The Objective Structured Clinical Examination (OSCE) pass rates of optometry students have dropped 11% since 2012.
This year 66% of pre-reg optometrists passed their final assessment compared to 77% in 2012.
The pass rate has fallen each year over the six-year period, except for in 2014 when it briefly spiked at 81%.
College of Optometrists director of education, Jackie Martin, told OT that it was impossible to attribute one particular factor to the fall in the average OSCE pass rate.
“The OSCE is continually reviewed, developed and mapped against assessments in other medical professions across the world to ensure that it remains at the forefront of best practice,” she highlighted.
Ms Martin highlighted that the OSCE is designed to assess General Optical Council (GOC) Stage 2 elements of competence.
“Station content is continually reviewed and new content developed to ensure a broad coverage of the curriculum and to ensure examination content remains up-to-date and unpredictable,” she shared.
“New station content is developed using strict quality assurance processes and new stations are piloted and analysed before they can contribute to candidates’ results,” Ms Martin emphasised.
“Each OSCE circuit is scrutinised closely to ensure a wide sample of the curriculum is covered and that the content is in line with the GOC elements of competence. Following each examination series, the final assessment, including senior representatives from universities and the wider sector, ensures the examinations are fair to candidates and that there is consistency across sittings,” she elaborated.
How the universities fare
Data provided to OT through a Freedom of Information request shows that OSCE pass rates remained stable at around 95% at Plymouth University between 2012 and 2016, while dropping significantly at Ulster University and City, University of London.
Other universities offering optometry did not provide data on their OSCE pass rates to OT.
Pass rates dropped from 97% to 76% at Ulster University over the period.
An Ulster University spokesperson highlighted that OSCE pass rates at the tertiary institution remained consistently above the national average.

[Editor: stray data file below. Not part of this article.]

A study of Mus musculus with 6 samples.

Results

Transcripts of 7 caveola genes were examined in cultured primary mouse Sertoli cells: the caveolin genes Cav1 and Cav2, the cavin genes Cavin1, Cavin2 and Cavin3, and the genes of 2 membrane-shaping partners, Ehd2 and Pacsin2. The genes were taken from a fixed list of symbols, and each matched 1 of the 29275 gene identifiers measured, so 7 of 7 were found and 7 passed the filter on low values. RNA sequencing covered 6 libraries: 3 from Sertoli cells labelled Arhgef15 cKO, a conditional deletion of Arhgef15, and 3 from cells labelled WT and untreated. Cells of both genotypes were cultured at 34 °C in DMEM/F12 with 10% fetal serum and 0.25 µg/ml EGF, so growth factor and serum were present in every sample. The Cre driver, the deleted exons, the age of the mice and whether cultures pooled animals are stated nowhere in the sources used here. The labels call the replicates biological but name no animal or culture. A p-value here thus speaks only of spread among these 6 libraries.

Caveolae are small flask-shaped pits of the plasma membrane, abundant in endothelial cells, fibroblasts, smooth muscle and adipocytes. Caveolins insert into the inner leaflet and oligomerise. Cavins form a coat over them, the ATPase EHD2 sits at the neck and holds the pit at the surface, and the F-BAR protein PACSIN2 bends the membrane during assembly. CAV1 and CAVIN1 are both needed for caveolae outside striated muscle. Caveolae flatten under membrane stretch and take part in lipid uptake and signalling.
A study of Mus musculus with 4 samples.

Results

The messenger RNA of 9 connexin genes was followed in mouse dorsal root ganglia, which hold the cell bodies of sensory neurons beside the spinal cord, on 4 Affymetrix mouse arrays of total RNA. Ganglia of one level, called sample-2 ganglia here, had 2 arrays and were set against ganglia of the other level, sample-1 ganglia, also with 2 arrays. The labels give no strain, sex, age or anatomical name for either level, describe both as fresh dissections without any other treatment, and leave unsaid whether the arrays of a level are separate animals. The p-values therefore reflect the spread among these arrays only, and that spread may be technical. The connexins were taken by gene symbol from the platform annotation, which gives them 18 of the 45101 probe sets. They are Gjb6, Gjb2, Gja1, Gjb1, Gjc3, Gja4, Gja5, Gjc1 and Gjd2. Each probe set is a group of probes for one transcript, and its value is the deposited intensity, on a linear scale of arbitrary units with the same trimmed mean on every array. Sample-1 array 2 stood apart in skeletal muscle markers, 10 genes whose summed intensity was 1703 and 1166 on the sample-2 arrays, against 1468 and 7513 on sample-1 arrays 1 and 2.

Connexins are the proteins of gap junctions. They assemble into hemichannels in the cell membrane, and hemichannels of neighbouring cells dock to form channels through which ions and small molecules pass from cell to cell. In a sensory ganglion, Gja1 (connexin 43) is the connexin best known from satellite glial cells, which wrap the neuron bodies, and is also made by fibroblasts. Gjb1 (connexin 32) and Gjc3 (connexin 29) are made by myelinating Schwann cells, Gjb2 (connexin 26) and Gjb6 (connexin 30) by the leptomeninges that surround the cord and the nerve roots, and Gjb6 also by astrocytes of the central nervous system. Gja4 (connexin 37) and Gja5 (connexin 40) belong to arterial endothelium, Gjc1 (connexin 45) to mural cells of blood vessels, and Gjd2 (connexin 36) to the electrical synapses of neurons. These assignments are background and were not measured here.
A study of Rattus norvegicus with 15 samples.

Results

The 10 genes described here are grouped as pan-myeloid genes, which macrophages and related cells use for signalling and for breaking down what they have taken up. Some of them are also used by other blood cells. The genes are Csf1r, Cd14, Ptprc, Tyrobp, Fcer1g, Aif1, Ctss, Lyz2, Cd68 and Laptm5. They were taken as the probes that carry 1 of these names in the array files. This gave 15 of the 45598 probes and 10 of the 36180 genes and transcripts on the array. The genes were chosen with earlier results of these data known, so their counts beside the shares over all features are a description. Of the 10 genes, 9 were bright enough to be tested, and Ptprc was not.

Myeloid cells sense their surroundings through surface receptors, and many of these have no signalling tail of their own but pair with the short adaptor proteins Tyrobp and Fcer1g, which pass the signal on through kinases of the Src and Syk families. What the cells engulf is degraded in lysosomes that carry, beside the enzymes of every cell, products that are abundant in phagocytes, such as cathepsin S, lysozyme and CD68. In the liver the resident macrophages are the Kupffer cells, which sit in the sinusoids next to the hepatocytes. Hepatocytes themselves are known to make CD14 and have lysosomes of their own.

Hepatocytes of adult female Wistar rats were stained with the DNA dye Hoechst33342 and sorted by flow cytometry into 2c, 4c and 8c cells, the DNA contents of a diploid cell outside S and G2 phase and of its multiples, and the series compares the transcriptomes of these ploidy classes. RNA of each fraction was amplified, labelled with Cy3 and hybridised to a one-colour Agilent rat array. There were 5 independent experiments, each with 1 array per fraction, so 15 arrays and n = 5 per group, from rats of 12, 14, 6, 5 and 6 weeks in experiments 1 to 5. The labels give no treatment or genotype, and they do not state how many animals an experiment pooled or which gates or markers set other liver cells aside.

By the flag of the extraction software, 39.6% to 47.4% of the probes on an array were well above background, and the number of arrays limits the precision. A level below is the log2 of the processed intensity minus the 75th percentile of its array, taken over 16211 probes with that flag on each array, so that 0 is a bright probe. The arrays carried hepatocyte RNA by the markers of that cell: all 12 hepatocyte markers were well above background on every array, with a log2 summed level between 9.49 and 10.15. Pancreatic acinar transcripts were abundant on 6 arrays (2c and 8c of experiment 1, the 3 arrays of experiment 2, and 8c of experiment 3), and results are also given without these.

“The university appraises the performance outcomes of our graduates on being provided the data by the College of Optometrists and inevitably, there are fluctuations in yearly statistics. On average, each year approximately 35 students graduate, meaning the difference between a 97% pass rate and a 76% pass rate would equate to a difference of six students,” the spokesperson shared.
It was difficult to relate the OSCE performance of students directly with their undergraduate training and experience, because of the impact of their year-long clinical placement before undertaking the assessment, the spokesperson added.
The OSCE pass rate also dropped at City, University of London from 76% to 68% over the five-year period.
City, University of London had a first-year optometry intake of 102 students in 2016.
A spokesperson for the university said: “Student success is the key priority at City, University of London and we are committed to the best possible clinical experience, teaching and education for our students.”
“We have implemented a series of projects to support student success and progression, including an optional personal development module, an electronic personal tutor record system and a recently introduced professionalism component for our optometry undergraduate course,” the spokesperson concluded.
Looking to other fields for comparison, trainee pharmacists had an average pass rate of 84% for their registration assessment in 2016, while GP specialty trainees had a pass rate of 80% in their clinical skills assessment in 2014.